Horseshoe-1: massive Alaska North Slope oil discovery

Repsol (ticker: REP) and privately held Denver based Armstrong Energy LLC announced today the discovery of a massive oil field in Alaska, with an estimated 1.2 billion barrels of oil recoverable. This is the largest U.S. onshore conventional hydrocarbons discovery in the last 30 years, Repsol said in a press release.

Drilled during the 2016-2017 winter campaign, the Horseshoe-1 discovery well encountered more than 150 feet of net pay in several reservoir zones in the Nanushuk section. A sidetrack, Horseshoe-1A, also encountered more than 100 feet of net pay.

Repsol and Armstrong Energy

Repsol has been active in Alaska since 2008 and has made several discoveries in the North Slope with its partner Armstrong Energy.

  • Multiple exploratory wells have been successful in the Pikka area, where the company has drilled 13 wells.
  • Armstrong is the operator of both the Pikka unit and the Horseshoe discovery, holding 51% and 75%, respectively.
  • The Horseshoe discovery extends the Nanushuk play more than 20 miles south of the existing discoveries achieved by Repsol and Armstrong in the same interval within the Pikka Unit.
  • Repsol and Armstrong are currently planning to develop the Pikka area, and have submitted permits to develop the play. Preliminary plans for Pikka anticipate first production there from 2021, with a potential rate approaching 120,000 barrels of oil per day.
Repsol and Armstrong Make Largest U.S. Onshore Conventional Hydrocarbons Discovery in 30 Years

Source: U.S. Army Corps of Engineers

Last August at EnerCom’s The Oil & Gas Conference in Denver, Bill Armstrong, President and CEO of Armstrong Energy, made a presentation to a packed room of institutional investors and oil and gas company executives about his company’s operations in Alaska. Oil & Gas 360 covered Armstrong’s talk in a story entitled “What Does Your Dream Field Look Like? Armstrong Oil & Gas Believes You Might Find it in Alaska.” The story, which gives further background on the Pikka area, is republished below.

Demand could outpace supply by 225 billion barrels by the end of this decade

Repsol and Armstrong Energy Announce Largest U.S. Onshore Conventional Hydrocarbons Discovery in 30 Years

Bill Armstrong, President and CEO of Armstrong Energy LLC

“You all have been steeping in unconventionals. It truly has been a revolution, but I want to provide something different for you today,” Bill Armstrong, president and CEO of Armstrong Oil & Gas, said to the audience at EnerCom’s The Oil & Gas Conference Monday in Denver, Colorado.

Providing some context for the audience, Armstrong put up a chart showing the 93 MMBOPD of oil produced by conventional production compared to the 4 MMBOPD that comes from unconventional production each day.

“We’re living off the inventory found in the ’50s, ’60s, and 70s,” said Armstrong. By the end of this decade, production from those sources will not be enough to match demand, even if you include technically recoverable tight oil, he said. “That’s not the oil that’s economic to produce, that’s all of the technically recoverable tight oil out there. We’re going to fall 225 billion barrels short of demand by the end of this decade, even considering that technically recoverable oil.”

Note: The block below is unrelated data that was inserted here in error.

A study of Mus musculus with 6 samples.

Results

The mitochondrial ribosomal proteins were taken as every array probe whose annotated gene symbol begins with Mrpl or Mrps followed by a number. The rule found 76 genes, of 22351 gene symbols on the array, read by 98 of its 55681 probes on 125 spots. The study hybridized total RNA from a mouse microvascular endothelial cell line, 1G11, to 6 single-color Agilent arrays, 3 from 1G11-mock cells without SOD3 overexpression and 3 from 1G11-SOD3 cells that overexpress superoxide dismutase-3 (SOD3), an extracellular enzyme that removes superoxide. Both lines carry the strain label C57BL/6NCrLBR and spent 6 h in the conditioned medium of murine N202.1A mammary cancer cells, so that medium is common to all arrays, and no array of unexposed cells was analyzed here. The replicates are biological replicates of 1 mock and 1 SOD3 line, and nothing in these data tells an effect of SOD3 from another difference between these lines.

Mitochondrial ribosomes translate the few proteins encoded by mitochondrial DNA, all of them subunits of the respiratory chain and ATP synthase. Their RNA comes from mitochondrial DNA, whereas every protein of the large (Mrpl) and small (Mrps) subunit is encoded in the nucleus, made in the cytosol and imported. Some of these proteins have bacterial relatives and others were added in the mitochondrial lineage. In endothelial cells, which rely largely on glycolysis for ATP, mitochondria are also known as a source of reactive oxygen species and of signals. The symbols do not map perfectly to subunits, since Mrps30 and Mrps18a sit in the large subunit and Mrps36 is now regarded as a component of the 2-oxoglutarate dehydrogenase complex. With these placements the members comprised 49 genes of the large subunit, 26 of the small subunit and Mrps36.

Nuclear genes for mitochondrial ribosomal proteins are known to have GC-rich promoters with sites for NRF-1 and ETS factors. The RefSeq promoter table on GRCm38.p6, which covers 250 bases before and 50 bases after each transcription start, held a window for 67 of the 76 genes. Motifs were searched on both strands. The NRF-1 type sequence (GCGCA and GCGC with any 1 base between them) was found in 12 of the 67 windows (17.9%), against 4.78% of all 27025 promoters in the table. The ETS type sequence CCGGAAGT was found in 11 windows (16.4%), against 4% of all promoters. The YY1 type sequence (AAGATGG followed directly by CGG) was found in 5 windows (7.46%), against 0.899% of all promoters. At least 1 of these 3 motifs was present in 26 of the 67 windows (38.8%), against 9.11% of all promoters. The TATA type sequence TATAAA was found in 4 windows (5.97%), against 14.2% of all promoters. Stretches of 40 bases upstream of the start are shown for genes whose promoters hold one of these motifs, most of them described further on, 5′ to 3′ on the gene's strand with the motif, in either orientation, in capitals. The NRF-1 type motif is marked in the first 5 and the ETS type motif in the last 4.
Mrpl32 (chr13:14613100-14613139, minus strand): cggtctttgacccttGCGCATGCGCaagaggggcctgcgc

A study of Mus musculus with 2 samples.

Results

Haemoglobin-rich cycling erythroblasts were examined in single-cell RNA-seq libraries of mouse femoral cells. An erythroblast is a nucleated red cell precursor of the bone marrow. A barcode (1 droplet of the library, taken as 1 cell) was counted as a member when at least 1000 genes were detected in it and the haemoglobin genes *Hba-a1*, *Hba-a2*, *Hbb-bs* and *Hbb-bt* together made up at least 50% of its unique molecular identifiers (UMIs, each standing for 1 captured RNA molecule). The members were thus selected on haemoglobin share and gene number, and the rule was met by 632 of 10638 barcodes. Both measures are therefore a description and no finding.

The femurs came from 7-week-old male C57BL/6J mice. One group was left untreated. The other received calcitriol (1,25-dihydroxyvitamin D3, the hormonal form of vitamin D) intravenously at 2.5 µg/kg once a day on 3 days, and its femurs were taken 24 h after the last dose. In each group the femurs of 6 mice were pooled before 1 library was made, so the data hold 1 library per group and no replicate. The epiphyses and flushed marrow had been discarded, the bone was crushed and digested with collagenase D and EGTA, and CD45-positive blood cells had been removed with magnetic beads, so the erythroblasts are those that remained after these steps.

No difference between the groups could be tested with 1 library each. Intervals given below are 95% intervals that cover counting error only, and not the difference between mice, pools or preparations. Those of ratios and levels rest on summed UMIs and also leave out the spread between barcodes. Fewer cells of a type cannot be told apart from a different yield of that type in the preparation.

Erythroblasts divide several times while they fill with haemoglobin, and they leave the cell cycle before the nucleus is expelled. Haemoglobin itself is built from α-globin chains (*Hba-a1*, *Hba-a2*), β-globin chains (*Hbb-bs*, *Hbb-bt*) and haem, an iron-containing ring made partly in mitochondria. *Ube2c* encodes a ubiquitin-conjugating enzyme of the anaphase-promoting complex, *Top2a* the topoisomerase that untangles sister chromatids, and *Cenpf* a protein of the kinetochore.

Armstrong Oil & Gas Supply shortfall by the end of the decade

The “dream field” may be in Alaska

To help meet the growing demand Armstrong sees coming later this decade, his company is exploring Alaska’s North Slope.

Armstrong’s Alaskan acreage was purchased jointly with Repsol on the North Slope and comprises 750,000 acres. In the Pikka unit the peak oil production is expected to be 120 MBOPD. The reported probable contingent reserve holding is estimated at 1.4 billion barrels of oil.

“Let me ask you,”Armstrong said to the audience, “what does your dream field look like? It’s probably in the U.S., it’s onshore, oil-weighted, high resource concentration, material in size, great porosity, great permeability, it has big individual wells, and it has robust economics… Well, we have all of that.”

The mean field size in Alaska is 590 million barrels of oil, with mean well sizes of 5 million barrels of oil, and the state is relatively unexplored, said Armstrong.

Sharing a bit of West Texas oil field wisdom, Armstrong shared the saying “the best place to find oil is under the oil tree,” which he explained really meant the best place to look was where oil had already been discovered.

“This is why people are moving to SCOOP and STACK and the Delaware Basin, but Alaska has two of the five largest oil fields in the country, plus five more of the top 50 fields, all on the North Slope. So we’ve decided to look there instead.”

Comparing the Pikka’s 880 feet of pay to the Parshall Bakken, Armstrong pointed out that not only was the pay 25-times thicker, the porosity was four-times better, as was the recovery factor. Also adding to the attractiveness to the wells, most are less than 8,000 feet deep, and require limited stimulation, Armstrong said.

“A lot of guys have made a lot of money in the Bakken, but to have the equivalent kind of production from one of our wells, they would need to drill a well every month for 50 months,” Armstrong said.

Repsol and Armstrong Energy Announce Largest U.S. Onshore Conventional Hydrocarbons Discovery in 30 Years

Assuming no delays, Armstrong expects Pikka oil to start flowing in 2021.